5 August 2020

Peter Switzer
14 July 2020

I hate to make a warning like this but we’re about to enter the economy of the walking dead, where ‘zombie businesses’ have to beware of ‘zombie workers’! And between now and the end of September, some bosses with struggling businesses will have to work out if they need to decapitate their once loved employees!

I’m sorry about the imagery but the latest ‘in-term’ in biz speak is about ‘zombie businesses’ that are probably on death row and are being kept alive by the JobKeeper wage subsidy due to end before the start of October.

I’m not a great fan of zombie TV programmes and movies but nowadays it’s commonly thought that the only way to kill the members of the walking dead is to put a bowie knife through their brain, chainsaw their head or anything that malfunctions what lies inside their craniums.

The lesson is the brain is crucial to a zombie — store that one in your grey matter!

In the AFR today, Peter Strong (the CEO of COSBOA, a big small business body involving a considerable number of associations with small operators as their members) says workers on JobKeeper could sink a struggling business.

Strong thinks the JobKeeper programme is a good one but if a business is heading towards being a zombie operation, bound for the afterlife, the longer you keep staff on, thanks to the Government’s wage support programme, the more it could create an entitlements issue if the employer let workers go.

I’ve interviewed Peter over the years on my old Sky Business TV programme, SWITZER. He has owned small businesses and knows what he’s talking about.

“It's been a good scheme because it's meant keeping more people on,” he said. “But many are accruing a debt that they can't pay because they haven't got the income coming in.”

He thinks some businesses might be better off closing before the ‘you know what’ hits the fan and come back again when more normal business conditions prevail.

After September, many business owners will have to answer the question: do I keep going like this on JobKeeper? Do I cut my team down? Or do I just close the whole show down?

One business owners quoted in the AFR said he had 10 employees on JobKeeper, of which five had no work. After September, he’ll pay them out and the entitlements bill will be $39,000! Other businesses, especially those in Victoria like this one, will have to face this reality and be doing the sums, working out if they can keep their staff and even their business!

If this Victorian infection outbreak goes national, then we could be in trouble. The optimism that saw the ANZ/Roy Morgan consumer confidence reading go up 10 weeks out of 12 (until the new infections challenge in Melbourne closed the city down) could head down, taking business confidence and the economy with it.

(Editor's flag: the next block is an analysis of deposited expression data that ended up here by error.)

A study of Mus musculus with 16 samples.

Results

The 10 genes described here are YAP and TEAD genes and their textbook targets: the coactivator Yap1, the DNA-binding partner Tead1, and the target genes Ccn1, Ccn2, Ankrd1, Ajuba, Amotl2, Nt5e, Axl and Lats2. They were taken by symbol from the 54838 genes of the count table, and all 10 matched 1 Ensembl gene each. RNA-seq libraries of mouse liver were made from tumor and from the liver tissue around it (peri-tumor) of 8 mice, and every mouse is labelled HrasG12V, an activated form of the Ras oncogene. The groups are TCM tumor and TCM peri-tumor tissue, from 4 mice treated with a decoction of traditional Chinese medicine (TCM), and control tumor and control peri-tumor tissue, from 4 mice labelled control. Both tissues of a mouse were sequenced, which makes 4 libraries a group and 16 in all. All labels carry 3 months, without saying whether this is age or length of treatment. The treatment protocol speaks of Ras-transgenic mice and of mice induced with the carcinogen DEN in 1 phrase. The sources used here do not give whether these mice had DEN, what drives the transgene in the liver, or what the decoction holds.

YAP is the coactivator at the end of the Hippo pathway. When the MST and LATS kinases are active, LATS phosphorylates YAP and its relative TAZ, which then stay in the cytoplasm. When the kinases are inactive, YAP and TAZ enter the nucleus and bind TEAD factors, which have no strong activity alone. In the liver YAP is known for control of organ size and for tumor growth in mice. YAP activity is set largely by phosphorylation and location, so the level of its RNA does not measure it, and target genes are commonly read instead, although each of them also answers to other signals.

So what should be done?

For starters, we need to keep businesses open and have workers going to work, shoppers shopping and Australians being positive about the future. We don’t need anyone reading articles like this about zombie workers in zombie businesses, written by someone who is a committed/addicted optimist!

A social circuit breaker is needed that doesn’t kill the brain of zombie workers but instead brings these walking dead employees back to life.

Politicians need the guts to tell us to wear masks or stay home.

New York city had its first day since March 11 where there was no new Coronavirus deaths, and this is a city where they’ve been forced to wear masks.

Recently, I had a zoom meeting with one of our financial planning clients who is an expat-executive in the Big Apple, who said you can’t get into a shop without a mask. And if you were mask-less, people gave it to you like only a New Yorker can!

On the same day, this is what the Orlando Sentinel reported: “Florida reported 12,624 new coronavirus cases Monday — the second-highest increase after Sunday’s record — for a total of 282,435 and 35 new fatalities to bring the death toll to 4,277.”

Personally, I don’t want to wear a mask but I will if it means:

  • Businesses don’t go broke and aren’t called ‘zombie businesses’.
  • Employers don’t lose their jobs and aren’t called ‘zombie workers’.
  • Shoppers return to shopping centres.
  • Cinema-goers can watch a movie on a big screen.
  • Optimism starts to swamp pessimism in news headlines and in the minds of business leaders, who invest based on what they think the future will be like.
  • We can go to footie, albeit with masks.
  • The Cup can run on November 3 at Flemington, in Melbourne, and not in another city and with a crowd, even if they have to be masked up!

I’m prepared to live a time abnormally with a damn mask to make sure normalcy, with all the great exciting stuff I miss, comes back ASAP.

We only need pollies with the guts to command us to “mask up!”